Anglo-Dutch Treaty of 1824


History[edit]

The Anglo-Dutch Treaty of 1824, designed to solve many of the issues that had arisen due to the British occupation of Dutch properties during the Napoleonic Wars, as well as issues regarding the rights to trade that existed for hundreds of years in the Spice Islands between the two nations, was a treaty that addressed a wide array of issues and did not clearly describe the limitations of expansion by either side in the Malay world. The British establishment of Singapore on the Malay Peninsula in 1819 by Sir Stamford Raffles exacerbated the tension between the two nations, especially as the Dutch claimed that the treaty signed between Raffles and the Sultan of Johore was invalid, and that the Sultanate of Johore was under the Dutch sphere of influence. The questions surrounding the fate of Dutch trading rights in British India and formerly Dutch possessions in the area also became a point of contention between Calcutta and Batavia. In 1820, under pressures from British merchants with interests in the Far East, negotiations to clarify the situation in Southeast Asia started.

Negotiations between Canning and Fagel started on 20 July 1820. The Dutch were adamant on the British abandonment of Singapore. Indeed, Canning was unsure of the exact circumstances under which Singapore was acquired, and at first, only non-controversial issues such as free-navigation rights and the elimination of piracy were agreed upon. Discussions on the subject were suspended on 5 August 1820, and did not resume until 1823, by which time the commercial value of Singapore was well-recognized by the British. The negotiations resumed on 15 December 1823, by which time the discussion became centered around the establishment of clear spheres of influence in the region. The Dutch, realizing that the growth of Singapore could not be curbed, pressed for an exchange in which they abandoned their claims north of the Strait of Malacca and its Indian colonies in exchange for the confirmation of their claims south of the strait, as well as the British colony of Bencoolen. The final treaty was signed on 23 March 1824 by Fagel and Canning.

Terms[edit]

The treaty holds that subjects of the two nations are permitted to trade in territories of British India, Ceylon and modern-day Indonesia and Malaysia on the basis of "most favoured nation" but must obey local regulations. It limits the fees that may be charged on the subjects and ships of the other nation. They also agree not to make any further treaties with Eastern states that exclude trade with the other nation. They agree not to use their civil and military forces to hinder trade. They agree to oppose piracy and not provide hiding places or protection to pirates or allow the sale of pirated goods. They agree that their local officials can not open new offices on East Indies islands without permission from their government in Europe.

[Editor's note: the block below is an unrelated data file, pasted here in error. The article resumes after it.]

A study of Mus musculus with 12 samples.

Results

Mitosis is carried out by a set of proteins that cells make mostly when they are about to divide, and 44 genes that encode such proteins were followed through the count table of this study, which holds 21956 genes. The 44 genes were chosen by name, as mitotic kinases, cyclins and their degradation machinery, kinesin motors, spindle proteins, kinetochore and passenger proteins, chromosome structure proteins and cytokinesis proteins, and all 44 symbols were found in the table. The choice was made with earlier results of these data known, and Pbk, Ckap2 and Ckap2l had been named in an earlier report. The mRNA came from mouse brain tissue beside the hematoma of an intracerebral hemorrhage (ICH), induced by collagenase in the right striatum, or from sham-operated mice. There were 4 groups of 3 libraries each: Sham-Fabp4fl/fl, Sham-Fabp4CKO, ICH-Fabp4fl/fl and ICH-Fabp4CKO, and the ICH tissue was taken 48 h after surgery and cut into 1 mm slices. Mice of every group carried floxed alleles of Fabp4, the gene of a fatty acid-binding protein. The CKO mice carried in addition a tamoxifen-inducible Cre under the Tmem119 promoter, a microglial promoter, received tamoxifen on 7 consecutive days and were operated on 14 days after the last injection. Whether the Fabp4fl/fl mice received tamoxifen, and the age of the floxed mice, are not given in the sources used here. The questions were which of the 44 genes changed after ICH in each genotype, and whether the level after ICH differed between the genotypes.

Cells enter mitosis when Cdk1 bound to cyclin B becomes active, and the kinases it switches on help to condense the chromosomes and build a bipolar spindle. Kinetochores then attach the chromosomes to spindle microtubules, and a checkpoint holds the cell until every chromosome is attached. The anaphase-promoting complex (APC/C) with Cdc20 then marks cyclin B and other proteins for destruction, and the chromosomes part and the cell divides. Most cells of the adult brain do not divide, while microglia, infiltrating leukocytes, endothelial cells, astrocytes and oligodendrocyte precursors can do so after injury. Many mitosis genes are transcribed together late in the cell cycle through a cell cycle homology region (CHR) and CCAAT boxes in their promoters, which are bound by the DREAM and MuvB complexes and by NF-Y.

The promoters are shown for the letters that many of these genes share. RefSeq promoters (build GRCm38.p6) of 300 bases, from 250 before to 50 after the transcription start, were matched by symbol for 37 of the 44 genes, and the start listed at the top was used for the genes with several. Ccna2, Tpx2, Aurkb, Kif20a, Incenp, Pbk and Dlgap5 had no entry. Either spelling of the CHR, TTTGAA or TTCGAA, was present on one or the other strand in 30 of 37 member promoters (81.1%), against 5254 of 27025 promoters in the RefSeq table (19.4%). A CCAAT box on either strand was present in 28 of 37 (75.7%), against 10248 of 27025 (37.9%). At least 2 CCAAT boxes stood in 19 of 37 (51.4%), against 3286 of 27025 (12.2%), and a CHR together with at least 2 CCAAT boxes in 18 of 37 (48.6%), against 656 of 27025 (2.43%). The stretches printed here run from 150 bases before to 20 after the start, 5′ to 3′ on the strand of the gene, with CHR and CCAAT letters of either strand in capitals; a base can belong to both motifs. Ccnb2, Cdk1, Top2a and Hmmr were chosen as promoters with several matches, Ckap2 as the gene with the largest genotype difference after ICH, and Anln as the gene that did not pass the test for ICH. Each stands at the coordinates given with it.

• British subjects to be given trade access with the Maluku Islands, in particular with Ambon, Banda and Ternate.
  • The Netherlands cedes all of its establishments on the Indian subcontinent (Dutch India from 1609 ) and any rights associated with them.
  • The UK cedes its factory of Fort Marlborough in Bencoolen (Bengkulu) and all its property on the island of Sumatra to the Netherlands and will not establish another office on the island or make any treaty with its rulers.
  • The Netherlands cedes the city and fort of Malacca and agrees not to open any office on the Malay peninsula or make any treaty with its rulers.
  • The UK withdraws its opposition to the occupation of the island of Billiton by the Netherlands.
  • The Netherlands withdraws its opposition to the occupation of the island of Singapore by the UK.
  • The UK agrees not to establish any office on the Carimon Islands or on the islands of Batam, Bintan, Lingin, or any of the other islands south of the strait of Singapore, or to make any treaties with the rulers of these places.

All the transfers of property and establishments were to take place on 1 March 1825. They agreed that the return of Java to the Netherlands, as according to a Convention on Java of 24 June 1817, had been settled, apart from a sum of 100,000 pounds sterling to be paid by the Netherlands in London before the end of 1825. The treaty was ratified by the UK on 30 April 1824 and by the Netherlands on 2 June 1824.

Implications[edit]

The Anglo–Dutch Treaty of 1824 officially demarcated two territories; Malaya, which was ruled by the United Kingdom, and the Dutch East Indies, which was ruled by the Netherlands. The successor states of Malaya and Dutch East Indies are Malaysia and Indonesia, respectively. The line that separated the spheres of influence between the British and the Dutch ultimately became the border between Indonesia and Malaysia (with a small segment becoming the border between Indonesia and Singapore).[citation needed]

The treaty came at a time when the influence of the British East India Company was waning and the individual merchant was gaining more influence within Great Britain. The emphasis on territory and sphere of influence is consistent with former EIC policies in India and elsewhere. As the four-years long negotiations went on, the existence of Singapore strongly started to favor the new independent merchants and their houses. As this came at the heels of the termination of the monopoly the EIC had on the area, the subsequent rise of Singapore as a free port and the first example of the new British free-trade imperialism can be seen as a direct result on the confirmation of its status in the treaty.[citation needed]

See also[edit]

References[edit]

  • Text in Dutch
  • Webster, Anthony. (1998) Gentlemen Capitalists: British Imperialism in Southeast Asia, Tauris Academic Studies, New York, ISBN 1-86064-171-7.